An all-turns intersection has been approved for the intersection of Taylor Dr. and the Southpointe Junction.
The intersection in question needed approval in order for the developer of the area, Qualico, to move ahead with plans for the lands west of Taylor Dr. between 19th and 32nd Streets.
Council voted unanimously to proceed with the intersection.
The request came forward from Qualico based on the needs of a prospective major tenant of the Southpointe area who would only agree to lease the site conditional to the south access being ‘all-turns’.
“The overall assessment is that the additional movement will have fairly limited impact. Both the developer and the City have agreed to finding ways to meet the long-term traffic needs,” said City Manager Craig Curtis.
Al Terra Engineering submitted a new Traffic Impact Assessment (TIA) evaluating the feasibility of the all-turns intersection showing that it had very limited impact.
The new intersection will lie just north of the 19th St. junction but south of the 22nd St. intersection.
Curtis said that the approval of the all-turns intersection will allow development of the Southpointe site to commence immediately and act as a catalyst for the development of the whole area.
Engineering Services Manager Frank Colosimo said time is of the essence on this project.
There was some concern regarding the two intersections to the north of the south access of the site at 22nd and 28th Streets, and what changes may be required of them in the future.
Curtis said the approval of the all-turns intersection was his recommendation and that the resolution reflects council’s desire to explore other innovative options for the two areas that may experience problems down the road.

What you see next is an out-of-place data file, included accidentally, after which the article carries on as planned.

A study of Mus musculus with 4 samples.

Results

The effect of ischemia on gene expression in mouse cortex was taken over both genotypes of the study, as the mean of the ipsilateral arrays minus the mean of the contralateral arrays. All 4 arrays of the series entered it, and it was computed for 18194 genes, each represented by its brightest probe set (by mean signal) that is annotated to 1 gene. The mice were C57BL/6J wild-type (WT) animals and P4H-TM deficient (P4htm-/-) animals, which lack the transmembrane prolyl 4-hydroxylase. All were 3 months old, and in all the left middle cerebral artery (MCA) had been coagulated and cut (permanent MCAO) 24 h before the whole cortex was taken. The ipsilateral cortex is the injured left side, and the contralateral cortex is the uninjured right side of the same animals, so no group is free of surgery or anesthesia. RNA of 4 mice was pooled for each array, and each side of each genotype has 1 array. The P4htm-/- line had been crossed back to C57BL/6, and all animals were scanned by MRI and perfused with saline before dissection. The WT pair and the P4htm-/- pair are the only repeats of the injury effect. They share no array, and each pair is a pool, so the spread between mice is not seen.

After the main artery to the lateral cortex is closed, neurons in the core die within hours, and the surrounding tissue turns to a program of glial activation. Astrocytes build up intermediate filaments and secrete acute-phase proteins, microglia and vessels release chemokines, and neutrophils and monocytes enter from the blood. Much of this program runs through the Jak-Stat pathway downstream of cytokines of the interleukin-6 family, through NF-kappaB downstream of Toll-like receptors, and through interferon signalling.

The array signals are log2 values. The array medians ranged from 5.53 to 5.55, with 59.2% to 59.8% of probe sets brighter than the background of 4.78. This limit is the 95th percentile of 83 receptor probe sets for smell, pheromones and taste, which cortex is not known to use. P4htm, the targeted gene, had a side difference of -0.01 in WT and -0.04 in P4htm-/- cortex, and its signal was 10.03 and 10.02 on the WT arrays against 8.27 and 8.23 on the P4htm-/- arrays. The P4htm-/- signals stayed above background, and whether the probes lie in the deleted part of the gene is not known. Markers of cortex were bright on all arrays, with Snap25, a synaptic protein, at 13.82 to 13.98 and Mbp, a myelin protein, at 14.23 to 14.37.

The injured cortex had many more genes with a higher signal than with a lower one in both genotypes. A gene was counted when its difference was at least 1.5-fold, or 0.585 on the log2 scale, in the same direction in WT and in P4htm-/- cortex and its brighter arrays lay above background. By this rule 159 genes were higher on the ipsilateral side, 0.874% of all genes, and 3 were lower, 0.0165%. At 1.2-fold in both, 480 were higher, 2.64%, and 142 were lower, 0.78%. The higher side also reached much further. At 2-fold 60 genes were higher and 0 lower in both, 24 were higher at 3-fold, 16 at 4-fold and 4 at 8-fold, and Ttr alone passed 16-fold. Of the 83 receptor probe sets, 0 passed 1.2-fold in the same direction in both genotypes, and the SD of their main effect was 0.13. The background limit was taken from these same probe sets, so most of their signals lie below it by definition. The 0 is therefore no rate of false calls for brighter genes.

“A lot of these traffic projections can change significantly over time. Traffic is not like sewage and water where you have known quantities. It is a very different beast that you have no known numbers for,” said Curtis.
Councillor Paul Harris said he was happy to vote to move the resolution forward.
Mayor Morris Flewwelling said it is exciting to see the development moving ahead and that it will be a good mixture of commercial, residential and park space.
The all-turns intersection does not alter or require any change to the Neighbourhood Area Structure Plan (NASP).
Some concern was brought forward by councillors regarding the distances between the intersections.
Currently, City design guidelines state that intersections along arterial roads should be 400 – 800 metres apart. The intersection to be added would be 250 – 300 metres from the pre-existing two intersections.
“What we’re going to do is look at what solutions we can do and what are some of the things we can try to get traffic flowing better in the long-term,” said Colosimo.
He also said that a series of round-abouts may be evaluated and other non-conventional intersections.
Harris said that one thing that will have to be kept in the forefront of all discussion is the walkability of the area and the ability to keep pedestrian traffic moving as well as vehicles.
“No matter what we decide to build congestion will happen; it always does. With the addition of the residential complexes in that area we need to be able to get traffic across that street and we want to make sure that no matter what we do it’s not just for cars but for people, too.”